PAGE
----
I have been on vacation for a week, then traveling for a week, home for a week and now off again for another conference. I WILL get some new material up here soon.
Just a little tidbit before I go: one of the weeks I spent away in September was at Harvard getting trained on TMS and tDCS. All I can say is that I was blown away with how much clinical potential these techniques have. There are an incredible number of people out there could be helped with these techniques and other techniques that will develop as a result of the research that is going on now. This is not a magic pill that cures all, but they could make a large impact on the quality-of-life of a large portion of the population.
More to come after I get back from my trip out of town for the next week.
Wednesday, September 5, 2007
The same group out of Brazil and Harvard published that I have mentioned in the blog previously, published an article in June on using tDCS for major depression.
A randomized, double-blind clinical trial on the efficacy of cortical direct current stimulation for the treatment of major depression.
A total of 40 patients were recruited and randomized to once of three groups: anodal stimulation of the occipital cortex, anodal tDCS of the left dorsolateral prefrontal cotex (DLPFC) and sham. All patients had been diagnosed with major depression and were medication-free for two months at the time of the study.
Outcomes were the Beck Depression Inventory and the Hamilton Depression Rating Scale, two of the most commonly used outcome measures used in similar depression studies.
All of the participants underwent tDCS with 2mA of stimulation for twenty minutes for 10 days (weekdays over two weeks.) One interesting tid bit that the authors mentioned was that the effects of tDCS are cumulative.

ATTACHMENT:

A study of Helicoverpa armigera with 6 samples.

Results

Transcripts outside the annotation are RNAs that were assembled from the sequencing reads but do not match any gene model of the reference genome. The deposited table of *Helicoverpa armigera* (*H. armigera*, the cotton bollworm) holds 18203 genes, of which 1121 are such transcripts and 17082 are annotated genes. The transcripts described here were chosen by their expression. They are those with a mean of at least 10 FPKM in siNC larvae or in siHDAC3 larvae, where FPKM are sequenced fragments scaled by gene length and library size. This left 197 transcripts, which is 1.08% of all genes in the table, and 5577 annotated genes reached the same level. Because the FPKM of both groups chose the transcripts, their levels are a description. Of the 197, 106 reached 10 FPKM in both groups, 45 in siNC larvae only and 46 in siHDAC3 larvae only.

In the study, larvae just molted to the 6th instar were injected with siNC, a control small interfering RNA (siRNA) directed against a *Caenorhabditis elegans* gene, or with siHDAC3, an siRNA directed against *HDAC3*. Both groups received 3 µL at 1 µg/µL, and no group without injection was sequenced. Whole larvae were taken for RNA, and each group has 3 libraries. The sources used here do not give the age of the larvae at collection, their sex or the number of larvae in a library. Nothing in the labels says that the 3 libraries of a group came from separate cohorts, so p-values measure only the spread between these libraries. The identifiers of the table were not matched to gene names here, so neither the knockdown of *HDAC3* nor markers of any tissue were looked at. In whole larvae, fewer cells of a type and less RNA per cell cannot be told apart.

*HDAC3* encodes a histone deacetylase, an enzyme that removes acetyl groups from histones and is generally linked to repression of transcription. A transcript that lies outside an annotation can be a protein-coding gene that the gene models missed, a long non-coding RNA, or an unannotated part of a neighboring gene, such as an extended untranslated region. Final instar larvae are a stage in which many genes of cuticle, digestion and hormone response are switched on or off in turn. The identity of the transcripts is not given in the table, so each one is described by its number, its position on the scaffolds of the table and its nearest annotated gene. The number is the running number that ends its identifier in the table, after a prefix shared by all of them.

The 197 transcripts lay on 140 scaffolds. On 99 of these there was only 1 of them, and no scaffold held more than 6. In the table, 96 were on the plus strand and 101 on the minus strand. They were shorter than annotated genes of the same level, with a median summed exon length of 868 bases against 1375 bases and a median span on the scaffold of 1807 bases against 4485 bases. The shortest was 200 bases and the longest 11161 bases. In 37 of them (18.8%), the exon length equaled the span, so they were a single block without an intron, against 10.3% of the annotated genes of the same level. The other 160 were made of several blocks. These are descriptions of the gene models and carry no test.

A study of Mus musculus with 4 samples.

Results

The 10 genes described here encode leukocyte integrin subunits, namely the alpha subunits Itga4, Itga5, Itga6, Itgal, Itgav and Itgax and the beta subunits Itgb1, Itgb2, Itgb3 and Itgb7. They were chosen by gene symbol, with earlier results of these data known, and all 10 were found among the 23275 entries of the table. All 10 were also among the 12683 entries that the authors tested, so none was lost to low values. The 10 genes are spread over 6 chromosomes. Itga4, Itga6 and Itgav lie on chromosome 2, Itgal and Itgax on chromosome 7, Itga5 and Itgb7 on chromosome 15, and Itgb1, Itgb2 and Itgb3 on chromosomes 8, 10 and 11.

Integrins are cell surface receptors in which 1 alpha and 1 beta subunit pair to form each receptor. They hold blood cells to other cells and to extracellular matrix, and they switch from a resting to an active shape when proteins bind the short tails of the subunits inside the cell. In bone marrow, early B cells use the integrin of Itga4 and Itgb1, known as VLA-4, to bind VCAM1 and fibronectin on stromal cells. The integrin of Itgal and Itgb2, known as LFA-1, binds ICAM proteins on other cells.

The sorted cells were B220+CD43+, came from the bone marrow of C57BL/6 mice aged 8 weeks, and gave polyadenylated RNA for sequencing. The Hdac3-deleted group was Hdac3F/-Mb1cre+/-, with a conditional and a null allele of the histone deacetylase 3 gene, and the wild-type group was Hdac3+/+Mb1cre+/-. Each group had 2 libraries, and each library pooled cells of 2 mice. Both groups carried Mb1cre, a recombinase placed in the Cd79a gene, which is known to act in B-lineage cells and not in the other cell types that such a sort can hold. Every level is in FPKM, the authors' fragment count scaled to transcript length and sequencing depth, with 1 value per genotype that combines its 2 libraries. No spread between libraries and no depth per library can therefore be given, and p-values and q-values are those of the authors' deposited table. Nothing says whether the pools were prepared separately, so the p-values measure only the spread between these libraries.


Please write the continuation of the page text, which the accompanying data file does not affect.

Participants were assessed at baseline and then immediately after the sessions were over, at 15 days and at 30 days using the Ham. D and the BDI. Clinical response was defined as at least a 50% decrease in the Ham D score from baseline and remission was assigned a score of seven or less.
There were no serious adverse effects noted during or after the sessions. Only a few headaches, itching at the site of stimulation and redness at the site of pad attachment.
There were 8 responders in the DLPFC group (out of 21) and 5 remissions. The occipital group had 2 respond (out of 9) with no remissions and the sham group had no responders and no remissions.
The effects of the tDCS lasted at least 30 days after the last session.
Once again, the effects of the tDCS are being attributed to neuromodulation of the activity of the DLPFC "...induc(ing) a change in the DLPFC activity, a critical area in the cortico-subcortical, mood-related neural network."
Just think, for twenty minutes a day there were 13 of the 21 participants that had at least a fifty percent improvement. All with a nine volt battery.
Maybe I should regress back to being a young kid and start licking batteries more often???????